KSR kills off archery bow claims
The subject matter is directed to an archery bow:
an archery bow which comprises a riser and first and
second limbs extending in opposite directions from opposite ends of said riser;
at least one pair of components for modifying the decay patterns of the vibrations set up in the bow limbs when an arrow is released; and
a component attachment mechanism mounting one of the pair of vibration decay pattern modifying components to each of the first and second bow limbs;
KSR is cited:
In KSR, the Supreme Court emphasized "the need for caution in
granting a patent based on the combination of elements found in the prior art," and reaffirmed principles based on its precedent that "[t]he combination of familiar elements according to known methods is likely to be obvious when it does no more than yield predictable results." KSR Int'l Co. v. Teleflex Inc., 550 U.S. 398, 415-16 (2007). The Court further explained that "[i]f a person of ordinary skill can implement a predictable variation, §103 likely bars its patentability" and the operative question is "whether the improvement is more than the predictable use of prior art elements according to their established functions." Id. In this regard, "[a] person of ordinary skill is also a person of ordinary creativity, not an automaton." Id. at 421.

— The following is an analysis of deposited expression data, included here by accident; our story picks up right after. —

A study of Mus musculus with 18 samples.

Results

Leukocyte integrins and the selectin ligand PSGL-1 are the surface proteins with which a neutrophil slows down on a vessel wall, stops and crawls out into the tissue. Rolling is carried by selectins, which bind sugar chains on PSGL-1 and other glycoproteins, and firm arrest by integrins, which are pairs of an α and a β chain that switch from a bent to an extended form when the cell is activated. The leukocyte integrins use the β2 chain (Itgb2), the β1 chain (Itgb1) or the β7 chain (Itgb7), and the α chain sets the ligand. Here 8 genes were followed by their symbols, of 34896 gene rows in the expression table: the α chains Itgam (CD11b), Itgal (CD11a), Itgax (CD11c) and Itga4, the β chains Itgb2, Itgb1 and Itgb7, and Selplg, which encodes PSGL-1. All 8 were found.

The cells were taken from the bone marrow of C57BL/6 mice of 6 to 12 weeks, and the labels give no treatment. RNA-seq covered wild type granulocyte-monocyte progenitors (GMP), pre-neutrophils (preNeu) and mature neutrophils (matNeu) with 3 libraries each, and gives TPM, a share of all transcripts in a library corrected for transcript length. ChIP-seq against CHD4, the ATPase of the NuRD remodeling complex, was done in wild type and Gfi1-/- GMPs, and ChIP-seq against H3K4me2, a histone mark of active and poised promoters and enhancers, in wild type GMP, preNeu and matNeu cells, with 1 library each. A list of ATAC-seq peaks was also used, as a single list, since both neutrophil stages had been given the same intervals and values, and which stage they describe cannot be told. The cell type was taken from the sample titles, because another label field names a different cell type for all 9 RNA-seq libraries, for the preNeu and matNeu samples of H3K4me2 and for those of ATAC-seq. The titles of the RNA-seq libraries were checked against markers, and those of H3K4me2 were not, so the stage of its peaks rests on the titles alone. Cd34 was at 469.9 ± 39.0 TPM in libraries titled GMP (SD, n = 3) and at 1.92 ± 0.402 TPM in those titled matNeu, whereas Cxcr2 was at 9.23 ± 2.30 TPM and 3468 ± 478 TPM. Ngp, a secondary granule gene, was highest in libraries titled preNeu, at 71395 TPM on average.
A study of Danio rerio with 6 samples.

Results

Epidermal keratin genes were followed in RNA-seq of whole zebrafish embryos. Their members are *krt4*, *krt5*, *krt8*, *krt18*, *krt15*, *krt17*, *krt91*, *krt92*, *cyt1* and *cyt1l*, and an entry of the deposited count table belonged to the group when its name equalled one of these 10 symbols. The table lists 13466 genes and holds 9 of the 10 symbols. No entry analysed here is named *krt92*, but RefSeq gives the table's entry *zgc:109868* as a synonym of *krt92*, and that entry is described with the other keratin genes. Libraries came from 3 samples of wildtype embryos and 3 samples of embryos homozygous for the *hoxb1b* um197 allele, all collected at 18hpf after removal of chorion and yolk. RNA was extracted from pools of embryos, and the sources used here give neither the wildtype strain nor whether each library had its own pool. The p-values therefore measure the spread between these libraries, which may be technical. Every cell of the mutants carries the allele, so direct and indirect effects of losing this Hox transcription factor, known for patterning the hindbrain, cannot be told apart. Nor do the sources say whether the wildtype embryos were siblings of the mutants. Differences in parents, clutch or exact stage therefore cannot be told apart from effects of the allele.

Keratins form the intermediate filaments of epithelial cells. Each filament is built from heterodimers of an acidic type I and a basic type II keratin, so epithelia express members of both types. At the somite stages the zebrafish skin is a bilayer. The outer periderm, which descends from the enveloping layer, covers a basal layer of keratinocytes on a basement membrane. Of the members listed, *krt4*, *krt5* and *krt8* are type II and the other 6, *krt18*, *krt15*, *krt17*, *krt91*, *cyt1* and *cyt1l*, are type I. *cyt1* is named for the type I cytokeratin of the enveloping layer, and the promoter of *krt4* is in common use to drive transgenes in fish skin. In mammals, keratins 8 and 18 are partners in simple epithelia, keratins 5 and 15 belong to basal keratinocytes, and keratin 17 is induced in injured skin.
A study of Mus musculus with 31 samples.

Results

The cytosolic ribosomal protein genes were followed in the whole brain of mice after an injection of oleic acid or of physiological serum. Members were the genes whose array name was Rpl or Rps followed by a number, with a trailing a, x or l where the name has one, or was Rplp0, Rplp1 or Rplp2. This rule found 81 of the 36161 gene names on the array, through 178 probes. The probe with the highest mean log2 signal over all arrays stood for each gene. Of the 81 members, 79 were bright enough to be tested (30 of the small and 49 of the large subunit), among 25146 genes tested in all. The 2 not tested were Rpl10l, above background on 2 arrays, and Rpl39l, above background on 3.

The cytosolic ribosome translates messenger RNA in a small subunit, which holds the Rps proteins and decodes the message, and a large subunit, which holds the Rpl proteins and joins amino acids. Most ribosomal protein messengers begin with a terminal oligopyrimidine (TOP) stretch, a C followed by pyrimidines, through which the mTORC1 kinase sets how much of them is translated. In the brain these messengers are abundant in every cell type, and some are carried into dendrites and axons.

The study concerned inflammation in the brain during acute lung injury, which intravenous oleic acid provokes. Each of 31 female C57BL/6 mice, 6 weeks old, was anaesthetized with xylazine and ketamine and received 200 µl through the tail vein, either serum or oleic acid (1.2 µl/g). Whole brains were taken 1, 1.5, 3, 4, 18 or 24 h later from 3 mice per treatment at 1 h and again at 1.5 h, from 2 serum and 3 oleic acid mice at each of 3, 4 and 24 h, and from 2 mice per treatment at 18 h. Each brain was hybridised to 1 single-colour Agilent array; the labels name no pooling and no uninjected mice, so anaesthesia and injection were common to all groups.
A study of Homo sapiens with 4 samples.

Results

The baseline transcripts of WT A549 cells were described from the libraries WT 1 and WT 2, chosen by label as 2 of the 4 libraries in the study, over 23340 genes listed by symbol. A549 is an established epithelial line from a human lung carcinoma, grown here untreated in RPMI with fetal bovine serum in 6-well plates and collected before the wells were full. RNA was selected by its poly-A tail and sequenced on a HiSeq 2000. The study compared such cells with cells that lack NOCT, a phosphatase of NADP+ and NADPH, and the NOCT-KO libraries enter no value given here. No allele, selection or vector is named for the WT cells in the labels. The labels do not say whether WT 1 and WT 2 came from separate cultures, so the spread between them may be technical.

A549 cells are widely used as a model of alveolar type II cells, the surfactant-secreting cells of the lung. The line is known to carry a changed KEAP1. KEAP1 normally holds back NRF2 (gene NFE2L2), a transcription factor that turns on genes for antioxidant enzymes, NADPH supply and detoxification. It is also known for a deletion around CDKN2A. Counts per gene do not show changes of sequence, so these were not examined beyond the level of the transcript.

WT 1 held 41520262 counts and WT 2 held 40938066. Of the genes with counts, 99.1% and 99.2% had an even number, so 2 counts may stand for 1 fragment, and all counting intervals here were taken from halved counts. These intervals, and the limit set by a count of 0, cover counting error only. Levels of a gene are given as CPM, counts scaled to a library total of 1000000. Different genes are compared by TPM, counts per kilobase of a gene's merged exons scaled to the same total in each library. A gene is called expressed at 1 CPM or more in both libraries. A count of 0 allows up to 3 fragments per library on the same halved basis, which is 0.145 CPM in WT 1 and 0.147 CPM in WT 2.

KSR, 550 U.S. at 418-19 ("the analysis need not seek out precise teachings directed to the specific subject matter of the challenged claim" and "obviousness analysis cannot be confined ... by overemphasis on the importance of published articles and the explicit content of issued patents."); see also In re Kahn, 441 F.3d at 987-88.
As to the use of "unexpected results" to rebut a prima facie case of obviousness:
A party asserting unexpected results as evidence of nonobviousness has the burden of proving that the results are unexpected. In re Geisler, 116 F.3d 1465, 1469-70 (Fed. Cir. 1997). Attorney argument is no substitute for such evidence. Enzo Biochem, Inc. v. Gen-Probe, Inc., 424 F.3d 1276, 1284 (Fed. Cir. 2005); In re Schulze, 346 F.2d 600, 602 (CCPA 1965).
As to the need to make all arguments in the brief:
Only those arguments actually made have been considered in this
decision. Arguments that could have been made but not set forth in the briefs have not been considered and are deemed to be waived. See 37 C.F.R. § 41.37(c)(1)(vii); In re Jung, 637 F.3d 1356, 1365 (Fed. Cir. 2011).